On this day, in 1918, a baby girl was born in Toronto, Ontario. She was the firstborn in her family, and was named Pearl Isabella. When World War One ended weeks later, "Victory" was tagged on to her name.
Today that little girl turned 92. We gathered in my mother's kitchen to celebrate this woman, my father's mother, my grandmother, known to our children as "GG". Jude laboured over a card, proud of having printed those two letters, and the drawings he made: of GG opening a gift, her bellybutton proudly on display (every person and creature in his drawings has a bellybutton). Above this cartoonish figure was a bubble filled with heart stamps. I asked Jude what this bubble was. "GG's wonderings" was his response.
We ate soup and sandwiches. Grandma's favourite sandwich is cucumber and onion, and in honour of her birthday I had one, too, on white bread with lots of mayonnaise, salt, and pepper. Delicious! When I was a little girl, I would occasionally walk to Grandma's house from school, just for the lunch hour. We always ate sandwiches: peanut butter and banana, or cucumber. Often, there was soup, and always a quick game of cards before I hurried back to school.
As her 16 grandchildren adored her (and still do!), our children adore her. She revels in their attention and hugs. This woman always wears earrings, a necklace, and lipstick to match her sweater. She always carries her purse and places it beside her, wherever she sits. She's becoming a bit forgetful, but loves to visit and eat and play cribbage (but not when she loses and owes my parents her spare change). She takes afternoon naps, forgets what she ate for breakfast, and gets fresh-baked coconut cream tarts from my sister almost weekly. She used to be able to recite the United States alphabetically when we were kids, and always felt that doing crosswords kept her mind sharp.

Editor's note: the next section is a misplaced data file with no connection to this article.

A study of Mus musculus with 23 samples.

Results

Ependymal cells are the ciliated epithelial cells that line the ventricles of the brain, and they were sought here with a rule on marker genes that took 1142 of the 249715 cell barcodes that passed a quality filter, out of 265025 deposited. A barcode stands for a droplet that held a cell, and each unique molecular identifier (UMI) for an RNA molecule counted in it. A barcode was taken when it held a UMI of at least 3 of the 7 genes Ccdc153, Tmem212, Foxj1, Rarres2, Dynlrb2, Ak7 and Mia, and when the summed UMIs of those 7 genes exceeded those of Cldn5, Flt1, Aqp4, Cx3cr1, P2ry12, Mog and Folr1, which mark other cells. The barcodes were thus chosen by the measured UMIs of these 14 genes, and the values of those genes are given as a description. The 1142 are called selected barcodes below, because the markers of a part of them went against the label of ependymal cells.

From her, I learned the value of writing thank-you notes. I learned to dip green onions in salt, and play Go Fish. I loved her pink bathroom. I wasn't allowed to chew gum in her livingroom. She used to make ice-cream sundaes for us when we'd come for dinner. She always laughed when my Grandpa teased her. She's been a widow for 22 years now, and Grandpa was the only man she ever loved. She raised four children, lost one, and is known locally as the life of the party. When I was single and in my 20s, I used to joke that she had a busier social life than I; when I'd try to book an afternoon visit with her, she'd always rebuff my offer in favour of lawn-bowling, a card party, or a trip somewhere.
When I feel miffed about those little lines that are appearing on my face, and those silver strands, I will remember this photo, and the woman who gave my dad curly hair, who passed it to me, who then passed it to Margot. What a blessing, to live long enough to have your life's experiences sketched on your face, and to see your youth over and over with the generations that descend from you.
Happy Birthday, Pearl Isabella Victory Conway Keon! May you live to see 100!